LOUISVILLE, Ky. — Following the Supreme Court's decision to overturn Roe v. Wade, Kentucky Attorney General Daniel Cameron said abortions in Kentucky are now outlawed in all cases except if the mother's life is at risk.
In a press release on Friday, Cameron said under Kentucky's Human Life Protection Act, abortions are prohibited in most circumstances, and no person may knowingly cause or aid people in "the termination of the life on an unborn human being."
"Abortion is, for all intents and purposes over here in the Commonwealth with the exception of life, there is no rape or incest exception," Cameron said.
Performing abortions is a Class D felony, but mothers are not subject to any criminal liability according to the advisory.
If a licensed physician determines with "reasonable medical judgment" that abortion is necessary to protect the mother's life, they can still perform the abortion without facing consequences according to the advisory.
Under this new law, contraception and emergency contraception like Plan-B is still available.
"Let us also, this is important, open our hearts and extend our arms toward those who feel forgotten," Cameron said. "Those who think that they have no options and no support. Let's give them real life-affirming options and caring support. Staff up our adoption agencies connect those who seek a family with the children who need one and serve all these individuals with grace and compassion."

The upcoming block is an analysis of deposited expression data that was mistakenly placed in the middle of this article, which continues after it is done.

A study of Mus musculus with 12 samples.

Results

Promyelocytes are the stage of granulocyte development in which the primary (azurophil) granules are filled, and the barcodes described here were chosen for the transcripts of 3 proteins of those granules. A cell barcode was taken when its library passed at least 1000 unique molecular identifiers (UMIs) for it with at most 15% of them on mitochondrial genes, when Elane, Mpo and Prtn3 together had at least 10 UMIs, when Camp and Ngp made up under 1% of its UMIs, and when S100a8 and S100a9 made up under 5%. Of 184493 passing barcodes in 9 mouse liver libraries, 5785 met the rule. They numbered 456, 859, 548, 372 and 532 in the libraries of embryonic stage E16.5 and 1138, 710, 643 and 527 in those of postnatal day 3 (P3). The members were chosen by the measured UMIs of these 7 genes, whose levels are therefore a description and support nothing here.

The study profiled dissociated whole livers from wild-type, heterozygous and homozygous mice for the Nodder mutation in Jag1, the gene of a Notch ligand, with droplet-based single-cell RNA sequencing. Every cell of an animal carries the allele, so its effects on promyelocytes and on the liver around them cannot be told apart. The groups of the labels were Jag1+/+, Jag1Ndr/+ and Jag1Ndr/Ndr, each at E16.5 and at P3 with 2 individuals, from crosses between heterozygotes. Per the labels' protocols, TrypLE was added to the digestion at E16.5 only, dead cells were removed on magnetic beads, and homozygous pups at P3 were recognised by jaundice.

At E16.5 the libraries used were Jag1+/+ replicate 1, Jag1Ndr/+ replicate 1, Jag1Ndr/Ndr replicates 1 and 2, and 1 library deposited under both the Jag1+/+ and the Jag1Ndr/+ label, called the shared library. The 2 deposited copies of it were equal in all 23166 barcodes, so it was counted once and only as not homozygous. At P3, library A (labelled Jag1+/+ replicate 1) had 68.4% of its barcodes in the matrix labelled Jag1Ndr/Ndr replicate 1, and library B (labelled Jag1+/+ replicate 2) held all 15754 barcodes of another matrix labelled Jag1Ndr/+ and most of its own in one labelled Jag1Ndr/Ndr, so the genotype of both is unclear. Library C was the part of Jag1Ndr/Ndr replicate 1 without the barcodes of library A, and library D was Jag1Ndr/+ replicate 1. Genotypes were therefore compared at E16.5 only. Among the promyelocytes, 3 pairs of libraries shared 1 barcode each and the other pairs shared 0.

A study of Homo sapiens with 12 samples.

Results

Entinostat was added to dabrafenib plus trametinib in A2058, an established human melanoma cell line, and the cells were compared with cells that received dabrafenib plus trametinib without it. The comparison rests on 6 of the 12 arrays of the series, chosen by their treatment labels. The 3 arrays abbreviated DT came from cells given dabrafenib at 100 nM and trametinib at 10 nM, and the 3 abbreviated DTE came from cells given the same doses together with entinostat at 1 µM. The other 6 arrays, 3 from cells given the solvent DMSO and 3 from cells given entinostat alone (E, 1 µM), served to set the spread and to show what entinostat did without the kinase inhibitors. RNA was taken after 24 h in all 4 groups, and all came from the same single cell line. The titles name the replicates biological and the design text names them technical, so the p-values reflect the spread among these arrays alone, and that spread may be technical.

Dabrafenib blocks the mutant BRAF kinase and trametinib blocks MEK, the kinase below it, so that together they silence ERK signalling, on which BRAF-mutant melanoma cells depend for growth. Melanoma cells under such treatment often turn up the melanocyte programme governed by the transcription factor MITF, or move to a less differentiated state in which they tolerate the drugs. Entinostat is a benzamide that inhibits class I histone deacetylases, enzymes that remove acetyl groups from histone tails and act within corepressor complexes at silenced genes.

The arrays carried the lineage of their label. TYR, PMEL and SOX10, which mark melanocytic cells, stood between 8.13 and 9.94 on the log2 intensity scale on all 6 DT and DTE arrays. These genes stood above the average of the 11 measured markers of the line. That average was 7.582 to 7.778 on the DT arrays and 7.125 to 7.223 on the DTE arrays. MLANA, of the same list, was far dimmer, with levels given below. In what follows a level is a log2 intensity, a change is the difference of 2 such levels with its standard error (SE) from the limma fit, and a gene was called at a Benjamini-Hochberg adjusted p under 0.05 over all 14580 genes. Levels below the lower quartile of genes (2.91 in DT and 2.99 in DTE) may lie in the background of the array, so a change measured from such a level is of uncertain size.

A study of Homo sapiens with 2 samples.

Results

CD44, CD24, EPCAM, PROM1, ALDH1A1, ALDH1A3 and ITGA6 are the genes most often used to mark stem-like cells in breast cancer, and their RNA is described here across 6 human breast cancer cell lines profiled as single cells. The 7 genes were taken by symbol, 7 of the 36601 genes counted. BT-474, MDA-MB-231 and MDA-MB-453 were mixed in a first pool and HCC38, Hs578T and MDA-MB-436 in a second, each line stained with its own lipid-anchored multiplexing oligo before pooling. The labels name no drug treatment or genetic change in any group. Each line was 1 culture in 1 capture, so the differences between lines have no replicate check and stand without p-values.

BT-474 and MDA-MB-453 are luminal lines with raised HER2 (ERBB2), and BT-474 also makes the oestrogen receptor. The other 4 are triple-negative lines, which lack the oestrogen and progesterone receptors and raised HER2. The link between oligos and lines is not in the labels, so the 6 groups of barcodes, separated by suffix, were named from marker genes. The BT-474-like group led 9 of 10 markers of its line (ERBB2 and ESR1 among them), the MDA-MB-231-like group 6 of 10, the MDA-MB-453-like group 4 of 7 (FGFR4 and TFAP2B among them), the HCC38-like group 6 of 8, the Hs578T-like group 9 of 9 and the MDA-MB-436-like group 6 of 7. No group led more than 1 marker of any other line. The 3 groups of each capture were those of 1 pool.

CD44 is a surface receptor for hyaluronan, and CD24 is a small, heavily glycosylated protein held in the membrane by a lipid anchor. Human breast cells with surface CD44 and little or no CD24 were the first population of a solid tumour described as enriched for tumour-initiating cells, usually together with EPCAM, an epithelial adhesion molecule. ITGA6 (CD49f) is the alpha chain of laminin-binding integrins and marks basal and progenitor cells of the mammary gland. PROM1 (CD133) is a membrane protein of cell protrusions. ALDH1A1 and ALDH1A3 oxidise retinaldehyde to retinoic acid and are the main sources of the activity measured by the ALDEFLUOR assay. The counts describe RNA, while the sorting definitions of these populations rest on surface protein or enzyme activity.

This 'trigger' law, while passed in 2019, didn't go into effect until the Supreme Court made its decision to overturn Roe v. Wade Friday.
Gov. Andy Beshear said his hands are tied.
"This now goes to state legislatures for them to ultimately make decisions that previously the Supreme Court said were enshrined in the US Constitution, so now that trigger law that was passed, which is one of the most extreme in the entire country, is going to eliminate every single option even for that 13 or 14 year old that is assaulted. It's wrong," said Beshear.
While abortions are still legal in Indiana, Gov. Eric Holcomb called a special session on July 6 to address rising inflation. However he did put out a statement Friday saying he expects lawmakers to address Roe v. Wade at that time.